This year’s Summer Exhibition at the Royal Academy will centre on diversity, moving the focus away from familiar European artists and instead “open our doors to the world”.
The 2017 edition of the Summer Exhibition, which next year celebrates its 250th anniversary and is still the world’s largest open-submission art exhibition, was curated by painter and printmaker Eileen Cooper.
Cooper, known best for her colourful, stylised paintings of women, had her first work selected for the Summer Exhibition as a student in the 1970s. She said she wanted to display artists who have never come close to the Royal Academy in the past.
“We couldn’t think of one slogan to sum it up, which is a real drawback,” Cooper recently told the Financial Times. “Our aim is to bring something fresh to the show by finding emerging talent and recruiting more artists from countries as disparate as [the Democratic Republic of the] Congo, Peru, Spain and India, as well as Turkey and Kurdistan.”
She added: “I don’t want to focus on personal politics but we have deliberately looked further afield from the home nations. This year we have an exhibition that’s very rich in terms of geography – we’ve tried to open our doors to the world.”
Entering the Royal Academy’s imposing courtyard, visitors are greeted by Windsculpture VI, a colourful fibreglass sculpture by the Nigerian-British artist Yinka Shonibare, who was also on the selection panel. Cooper described it as a wonderful work, “exploring the notion of harnessing motion and freezing it in a moment of time”.
This year there were 12,000 digital entries, which were narrowed down by the committee to the 1,200 works now hanging in the show. A neon sign of the words “And I said I Love You!” by Tracey Emin, a vast painting by Sean Scully, suspended silver jugs by Cornelia Parker and other pieces by Wolfgang Tillmans, Anish Kapoor and Phyllida Barlow stand alongside amateur artworks by members of the public that made the selection panel’s cut.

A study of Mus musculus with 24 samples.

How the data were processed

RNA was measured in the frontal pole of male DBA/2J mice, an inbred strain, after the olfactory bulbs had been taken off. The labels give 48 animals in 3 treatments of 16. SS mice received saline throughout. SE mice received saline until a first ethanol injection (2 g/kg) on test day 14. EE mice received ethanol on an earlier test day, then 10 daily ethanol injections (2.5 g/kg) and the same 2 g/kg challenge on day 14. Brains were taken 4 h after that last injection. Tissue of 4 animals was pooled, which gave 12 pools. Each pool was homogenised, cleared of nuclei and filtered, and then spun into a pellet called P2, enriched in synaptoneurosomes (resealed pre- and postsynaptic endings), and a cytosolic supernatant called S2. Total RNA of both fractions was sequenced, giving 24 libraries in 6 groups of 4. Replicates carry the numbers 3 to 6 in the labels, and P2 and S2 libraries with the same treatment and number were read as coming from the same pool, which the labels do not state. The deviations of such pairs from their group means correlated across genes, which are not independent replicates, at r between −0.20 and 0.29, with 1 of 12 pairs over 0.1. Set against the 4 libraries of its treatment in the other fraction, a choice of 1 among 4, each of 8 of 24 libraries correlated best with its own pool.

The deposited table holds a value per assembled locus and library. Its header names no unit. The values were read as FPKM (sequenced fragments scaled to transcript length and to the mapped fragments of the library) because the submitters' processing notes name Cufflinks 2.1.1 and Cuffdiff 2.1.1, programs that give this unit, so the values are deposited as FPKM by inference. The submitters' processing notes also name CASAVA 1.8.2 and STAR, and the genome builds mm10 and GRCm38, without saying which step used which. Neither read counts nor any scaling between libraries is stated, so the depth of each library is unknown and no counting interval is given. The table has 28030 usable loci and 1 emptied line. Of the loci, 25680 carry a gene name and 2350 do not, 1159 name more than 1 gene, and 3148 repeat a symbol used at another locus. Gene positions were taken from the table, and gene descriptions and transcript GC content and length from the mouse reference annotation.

In a first for the exhibition, this year will have a performance piece – by Alana Francis – as part of the selection. It will take place on Friday nights in the gallery, involving intimate one-to-one spoken word pieces to individuals.
The show also includes includes three film-makers, with an entire room dedicated to Isaac Julien’s work Western Union: Small Boats, which deals with the subject of refugees travelling across the Atlantic, as well as a new photography series by provocateurs Gilbert and George.
Next year the summer exhibition will celebrate its 250th anniversary. Despite drawing in an annual 200,000 visitors, it has often been scorned by critics, particularly for its inclusion of works by members of the public alongside the RA academicians. All the work in the show is for sale, with the proceeds going towards the RA schools programme. In the 1800s the Morning Post described it as a “parade of the hackneyed and incompetent amongst the little dirty paltry aristocracy of the Royal Academy”.
Cooper, however, said the all-inclusive nature of the show should be embraced. “I believe in the Summer Exhibition,” she told the Financial Times. “I think it is churlish to be negative about something that supports the next generation.”
• The Summer Exhibition is at the Royal Academy, London W1J, 13 June – 20 August.